James Terry

This article is about the Irish officer of arms. For the American mixed martial artist, see James Terry (fighter).
The arms of Sir Rory O'Donnell, 1st Earl of Tyrconnell (1603), exemplified in a genealogy provided to Daniel O'Donnell by James Terry in 1709

James Terry (Limerick, Ireland, 26 May 1660 - Paris, France 1725) was an Irish officer of arms who remained faithful to the Jacobite kings of Britain after their escape to the European continent.


Terry was born in Limerick, 1660, to John Terry, from Cork, and wife Mary Ronan. After the defeat of James II of England, the court went into exile in St Germain, France. James Terry had been serving as Athlone Pursuivant of Arms in Ordinary at the Irish Office of Arms, and took his seal of office and his heraldic records with him to France. As James II still considered himself King of England, Scotland, and Ireland, he needed a herald with him to handle matters of heraldry and ceremonial. In 1690, he appointed Terry to the post of Athlone Herald.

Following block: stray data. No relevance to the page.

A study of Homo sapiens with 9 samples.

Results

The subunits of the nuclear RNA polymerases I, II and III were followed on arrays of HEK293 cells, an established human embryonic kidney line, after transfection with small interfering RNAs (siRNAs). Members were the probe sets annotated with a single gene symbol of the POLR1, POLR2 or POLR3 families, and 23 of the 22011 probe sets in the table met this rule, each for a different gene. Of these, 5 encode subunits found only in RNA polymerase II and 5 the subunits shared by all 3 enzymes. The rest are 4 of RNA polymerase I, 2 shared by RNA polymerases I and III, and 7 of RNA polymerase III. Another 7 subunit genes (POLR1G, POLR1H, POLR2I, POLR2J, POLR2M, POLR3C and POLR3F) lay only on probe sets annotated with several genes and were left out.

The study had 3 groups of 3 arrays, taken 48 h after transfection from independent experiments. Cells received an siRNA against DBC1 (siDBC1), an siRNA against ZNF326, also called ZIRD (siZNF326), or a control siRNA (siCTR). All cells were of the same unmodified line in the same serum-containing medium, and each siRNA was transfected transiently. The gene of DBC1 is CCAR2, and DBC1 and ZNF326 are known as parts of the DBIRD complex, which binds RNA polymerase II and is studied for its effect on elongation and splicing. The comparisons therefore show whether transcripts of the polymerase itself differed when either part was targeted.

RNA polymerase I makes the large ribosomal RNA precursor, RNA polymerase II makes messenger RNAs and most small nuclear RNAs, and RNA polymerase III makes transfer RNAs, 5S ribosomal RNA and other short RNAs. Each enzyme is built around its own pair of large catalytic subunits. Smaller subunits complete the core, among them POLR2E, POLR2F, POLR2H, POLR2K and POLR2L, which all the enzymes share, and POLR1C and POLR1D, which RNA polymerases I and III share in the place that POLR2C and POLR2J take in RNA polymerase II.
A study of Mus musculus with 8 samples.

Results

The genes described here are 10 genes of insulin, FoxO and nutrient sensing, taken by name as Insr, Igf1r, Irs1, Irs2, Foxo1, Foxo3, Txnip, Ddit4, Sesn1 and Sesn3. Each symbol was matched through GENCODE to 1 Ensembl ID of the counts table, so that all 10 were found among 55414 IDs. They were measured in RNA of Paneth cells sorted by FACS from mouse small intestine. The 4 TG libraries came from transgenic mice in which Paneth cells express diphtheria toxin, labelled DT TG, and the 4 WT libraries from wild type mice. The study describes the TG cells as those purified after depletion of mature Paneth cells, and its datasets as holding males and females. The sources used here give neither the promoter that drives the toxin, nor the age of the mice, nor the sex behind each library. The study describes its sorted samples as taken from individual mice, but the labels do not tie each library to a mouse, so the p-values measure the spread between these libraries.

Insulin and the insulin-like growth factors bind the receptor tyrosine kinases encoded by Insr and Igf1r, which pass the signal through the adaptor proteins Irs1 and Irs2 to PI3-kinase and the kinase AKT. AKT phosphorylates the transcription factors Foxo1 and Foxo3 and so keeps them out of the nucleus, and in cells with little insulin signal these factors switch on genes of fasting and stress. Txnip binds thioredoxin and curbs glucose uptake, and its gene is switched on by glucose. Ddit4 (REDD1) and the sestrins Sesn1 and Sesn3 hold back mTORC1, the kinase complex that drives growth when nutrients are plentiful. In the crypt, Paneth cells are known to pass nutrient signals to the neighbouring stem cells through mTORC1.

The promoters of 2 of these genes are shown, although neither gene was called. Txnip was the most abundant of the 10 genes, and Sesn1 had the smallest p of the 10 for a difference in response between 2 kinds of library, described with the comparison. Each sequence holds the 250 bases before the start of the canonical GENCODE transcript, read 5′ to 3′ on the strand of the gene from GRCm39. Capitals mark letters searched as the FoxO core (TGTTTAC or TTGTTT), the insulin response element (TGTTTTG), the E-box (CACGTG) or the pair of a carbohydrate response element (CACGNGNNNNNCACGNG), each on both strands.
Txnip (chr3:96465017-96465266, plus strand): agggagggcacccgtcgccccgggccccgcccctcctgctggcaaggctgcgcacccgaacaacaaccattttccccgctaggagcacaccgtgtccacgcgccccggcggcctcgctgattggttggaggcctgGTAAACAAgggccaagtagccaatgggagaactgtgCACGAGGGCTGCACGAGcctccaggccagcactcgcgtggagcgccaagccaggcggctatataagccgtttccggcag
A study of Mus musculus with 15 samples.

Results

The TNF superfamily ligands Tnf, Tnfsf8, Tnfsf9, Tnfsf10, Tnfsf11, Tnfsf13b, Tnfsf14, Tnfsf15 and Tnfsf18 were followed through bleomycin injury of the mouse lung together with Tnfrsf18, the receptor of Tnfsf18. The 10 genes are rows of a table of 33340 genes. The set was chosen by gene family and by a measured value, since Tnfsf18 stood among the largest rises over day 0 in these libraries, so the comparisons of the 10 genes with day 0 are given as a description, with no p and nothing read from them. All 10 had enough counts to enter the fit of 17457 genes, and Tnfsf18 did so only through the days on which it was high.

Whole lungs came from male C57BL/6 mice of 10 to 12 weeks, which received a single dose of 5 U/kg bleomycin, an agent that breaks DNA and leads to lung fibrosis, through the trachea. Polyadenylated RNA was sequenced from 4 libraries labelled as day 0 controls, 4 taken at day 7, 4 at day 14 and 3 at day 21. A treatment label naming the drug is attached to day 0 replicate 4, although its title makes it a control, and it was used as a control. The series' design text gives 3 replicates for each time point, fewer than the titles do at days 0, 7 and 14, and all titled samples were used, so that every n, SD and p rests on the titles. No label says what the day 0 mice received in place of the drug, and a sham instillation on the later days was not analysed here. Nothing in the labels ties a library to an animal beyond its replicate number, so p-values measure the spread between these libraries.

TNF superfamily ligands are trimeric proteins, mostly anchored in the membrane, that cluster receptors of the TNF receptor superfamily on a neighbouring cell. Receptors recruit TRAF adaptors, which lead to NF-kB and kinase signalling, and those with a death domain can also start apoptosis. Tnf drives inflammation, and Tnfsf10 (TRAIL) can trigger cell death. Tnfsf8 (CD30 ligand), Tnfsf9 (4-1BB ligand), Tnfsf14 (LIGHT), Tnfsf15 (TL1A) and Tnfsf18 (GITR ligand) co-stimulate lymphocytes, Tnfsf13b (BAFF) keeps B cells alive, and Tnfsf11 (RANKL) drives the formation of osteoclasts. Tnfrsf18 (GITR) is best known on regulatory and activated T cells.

It is interesting to consider that during the exile, Terry was in communication with English and Scottish heralds when it became necessary to verify armorial records and genealogies. In spite of the dispute between the royals that employed them, the heralds still maintained a collegial working relationship. Terry continued granting arms to the members of the Irish diaspora until his death in 1725. After his death, the Irish abroad were obliged to apply to Ulster King of Arms for grants.

A collection of his pedigrees and papers has been published in bookform.


In 1678, Terry married Mary Stritch of Limerich, and had several children:[1]


  1. Terry, Kevin (2005). Terrys of Cork 1600-2000: A Local Historical Perspective. p. 183. Retrieved 18 October 2013.